We were woken by gale-force winds this morning. Strong rain lashed the house while wind whipped the trees, howling and roaring as if to compete with the resounding roar of the ocean. The whole landscape vibrated as each surge of the sea threw itself mercilessly at the shore. The ancient rocks under our house trembled with their peers at the water’s edge, the breathless roaring and pounding of the sea had set them singing of the tempest. I was not thinking of photography at the time, but rather preparing for loss of power, as it seemed certain a tree would bring the lines down somewhere between us and power station. Even though we have big solar panels making our own power, we sell it to the grid, and buy power back from them. Miraculously the power stayed on. Later there was a lull, so we donned appropriate clothing and headed for the beach.
We did not realise then but we had branches down on some big gums. The path to the beach was littered with smaller twigs and branches. The lagoon was open to the sea, tea-tree coloured water carving its way through the beach sand, rushing to meet the waves, staining the whole of bay with black silt! I was fascinated by the brown waves for a while … not something we see every day.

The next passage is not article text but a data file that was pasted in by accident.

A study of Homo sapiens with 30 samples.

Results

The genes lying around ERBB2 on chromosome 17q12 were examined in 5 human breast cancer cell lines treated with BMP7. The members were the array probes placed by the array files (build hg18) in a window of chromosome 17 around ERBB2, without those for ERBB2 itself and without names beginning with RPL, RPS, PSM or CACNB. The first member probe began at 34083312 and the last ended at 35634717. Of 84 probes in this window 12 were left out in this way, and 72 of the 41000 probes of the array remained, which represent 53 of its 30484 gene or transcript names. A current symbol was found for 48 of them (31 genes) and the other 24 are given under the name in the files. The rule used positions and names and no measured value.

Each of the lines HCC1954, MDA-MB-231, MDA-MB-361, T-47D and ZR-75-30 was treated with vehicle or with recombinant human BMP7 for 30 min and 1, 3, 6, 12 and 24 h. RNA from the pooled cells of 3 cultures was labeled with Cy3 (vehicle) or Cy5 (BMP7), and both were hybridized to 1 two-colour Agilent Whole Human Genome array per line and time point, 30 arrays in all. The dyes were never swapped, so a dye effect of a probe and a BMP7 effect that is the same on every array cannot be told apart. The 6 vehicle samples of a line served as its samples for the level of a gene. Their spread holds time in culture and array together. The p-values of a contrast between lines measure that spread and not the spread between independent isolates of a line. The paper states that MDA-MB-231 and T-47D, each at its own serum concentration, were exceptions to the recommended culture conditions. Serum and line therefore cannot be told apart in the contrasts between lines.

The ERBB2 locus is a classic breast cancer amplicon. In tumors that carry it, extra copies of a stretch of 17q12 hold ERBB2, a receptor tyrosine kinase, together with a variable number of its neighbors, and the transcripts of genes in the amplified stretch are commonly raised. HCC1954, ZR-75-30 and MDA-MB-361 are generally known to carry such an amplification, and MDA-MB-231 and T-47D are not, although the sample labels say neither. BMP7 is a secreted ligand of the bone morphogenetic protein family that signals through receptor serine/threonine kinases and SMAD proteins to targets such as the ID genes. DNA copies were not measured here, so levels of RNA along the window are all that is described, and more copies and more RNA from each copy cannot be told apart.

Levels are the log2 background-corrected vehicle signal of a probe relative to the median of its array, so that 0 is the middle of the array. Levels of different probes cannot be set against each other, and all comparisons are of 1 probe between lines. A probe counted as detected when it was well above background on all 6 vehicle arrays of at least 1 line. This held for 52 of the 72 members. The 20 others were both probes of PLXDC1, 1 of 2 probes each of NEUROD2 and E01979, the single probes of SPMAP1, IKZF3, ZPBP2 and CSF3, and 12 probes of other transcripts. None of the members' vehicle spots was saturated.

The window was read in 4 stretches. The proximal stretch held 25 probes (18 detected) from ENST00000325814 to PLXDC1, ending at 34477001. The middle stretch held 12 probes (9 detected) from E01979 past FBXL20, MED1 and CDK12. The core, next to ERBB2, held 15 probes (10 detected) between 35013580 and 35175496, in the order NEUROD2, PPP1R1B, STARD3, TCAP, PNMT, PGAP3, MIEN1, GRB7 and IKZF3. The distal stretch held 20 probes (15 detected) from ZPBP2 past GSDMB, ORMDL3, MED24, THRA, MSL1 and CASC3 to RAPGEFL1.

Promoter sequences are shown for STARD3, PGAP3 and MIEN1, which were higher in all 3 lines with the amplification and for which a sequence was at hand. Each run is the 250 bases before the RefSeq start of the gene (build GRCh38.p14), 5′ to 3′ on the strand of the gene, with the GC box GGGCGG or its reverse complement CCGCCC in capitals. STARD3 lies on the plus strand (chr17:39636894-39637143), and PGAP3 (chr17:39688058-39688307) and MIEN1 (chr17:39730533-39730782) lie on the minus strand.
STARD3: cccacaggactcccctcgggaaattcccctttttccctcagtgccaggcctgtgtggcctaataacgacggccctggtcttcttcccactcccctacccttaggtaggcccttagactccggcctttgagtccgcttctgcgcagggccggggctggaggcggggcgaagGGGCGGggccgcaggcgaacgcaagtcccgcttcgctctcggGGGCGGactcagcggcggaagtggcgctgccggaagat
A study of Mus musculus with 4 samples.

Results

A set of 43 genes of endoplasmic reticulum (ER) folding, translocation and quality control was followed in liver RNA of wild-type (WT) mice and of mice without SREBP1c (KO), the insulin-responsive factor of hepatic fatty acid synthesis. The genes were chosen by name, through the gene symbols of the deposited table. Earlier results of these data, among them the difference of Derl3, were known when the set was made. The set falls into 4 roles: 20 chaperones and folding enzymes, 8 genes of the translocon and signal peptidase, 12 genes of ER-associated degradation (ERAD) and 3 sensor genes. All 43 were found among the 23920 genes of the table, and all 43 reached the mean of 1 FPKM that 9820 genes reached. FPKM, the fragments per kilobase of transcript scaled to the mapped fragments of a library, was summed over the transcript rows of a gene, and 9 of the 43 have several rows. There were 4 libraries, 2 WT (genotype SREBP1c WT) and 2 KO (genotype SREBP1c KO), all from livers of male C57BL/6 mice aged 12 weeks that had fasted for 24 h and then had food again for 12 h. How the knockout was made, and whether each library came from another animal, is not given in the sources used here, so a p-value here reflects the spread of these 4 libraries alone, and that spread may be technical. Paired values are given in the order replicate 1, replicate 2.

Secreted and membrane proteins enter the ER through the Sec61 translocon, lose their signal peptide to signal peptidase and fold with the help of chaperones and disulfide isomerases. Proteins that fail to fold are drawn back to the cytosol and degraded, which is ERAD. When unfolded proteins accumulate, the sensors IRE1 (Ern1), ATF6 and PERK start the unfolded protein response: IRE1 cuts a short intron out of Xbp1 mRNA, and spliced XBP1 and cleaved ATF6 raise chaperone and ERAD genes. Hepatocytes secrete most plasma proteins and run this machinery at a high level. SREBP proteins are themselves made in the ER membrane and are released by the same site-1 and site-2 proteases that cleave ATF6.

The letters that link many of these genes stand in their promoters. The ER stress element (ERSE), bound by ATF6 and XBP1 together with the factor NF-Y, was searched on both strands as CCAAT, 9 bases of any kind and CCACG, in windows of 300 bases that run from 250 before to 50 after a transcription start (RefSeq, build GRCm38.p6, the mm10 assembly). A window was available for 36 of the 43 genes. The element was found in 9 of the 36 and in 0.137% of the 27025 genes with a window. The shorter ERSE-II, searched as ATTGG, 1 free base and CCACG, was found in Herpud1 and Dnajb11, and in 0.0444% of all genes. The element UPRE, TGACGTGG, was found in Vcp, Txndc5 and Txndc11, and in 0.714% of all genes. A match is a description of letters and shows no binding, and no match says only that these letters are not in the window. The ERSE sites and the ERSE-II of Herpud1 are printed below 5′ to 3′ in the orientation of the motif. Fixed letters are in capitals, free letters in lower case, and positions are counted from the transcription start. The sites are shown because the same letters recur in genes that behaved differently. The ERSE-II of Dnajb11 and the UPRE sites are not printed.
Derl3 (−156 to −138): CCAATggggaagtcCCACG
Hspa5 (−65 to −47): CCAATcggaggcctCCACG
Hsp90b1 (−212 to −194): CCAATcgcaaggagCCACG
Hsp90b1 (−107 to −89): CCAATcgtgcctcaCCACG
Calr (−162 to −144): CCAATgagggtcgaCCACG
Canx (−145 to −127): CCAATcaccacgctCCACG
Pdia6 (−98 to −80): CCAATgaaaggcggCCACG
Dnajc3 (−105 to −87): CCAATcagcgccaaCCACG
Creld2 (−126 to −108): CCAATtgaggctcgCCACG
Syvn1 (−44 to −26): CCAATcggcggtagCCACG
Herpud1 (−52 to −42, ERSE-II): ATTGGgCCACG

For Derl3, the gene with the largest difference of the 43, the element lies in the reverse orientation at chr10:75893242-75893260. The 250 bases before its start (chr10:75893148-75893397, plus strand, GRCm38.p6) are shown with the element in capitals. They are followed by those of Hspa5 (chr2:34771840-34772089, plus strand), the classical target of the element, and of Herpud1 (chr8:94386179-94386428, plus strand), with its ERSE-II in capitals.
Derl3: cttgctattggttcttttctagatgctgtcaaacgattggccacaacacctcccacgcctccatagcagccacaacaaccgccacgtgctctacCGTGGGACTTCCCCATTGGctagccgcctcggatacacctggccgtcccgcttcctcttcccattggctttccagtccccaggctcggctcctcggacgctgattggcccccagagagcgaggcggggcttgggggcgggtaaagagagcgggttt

High tide and a huge swell had inundated the beach overnight. Seaweed was tossed up onto the grass, and waves had been pulling at sand usually held down by beach grasses. A merry troupe of galahs found the freshly salted grass seeds appealing, ignoring us as we wandered past. Many creatures had been washed ashore in the swell … including a Weedy Seadragon … hundreds of bluebottles … various jellyfish … and seaweeds swathed in foam whipped up by the wild waves.
Happily we were able to walk along most of the beach and home again, crossing the raging lagoon, all without rain. It began again when we got back, but the wildness had gone. We were lucky with little damage, and by the time I went to town the fallen trees that blocked the road had been cut up and removed. Thank you to whoever cleared the way!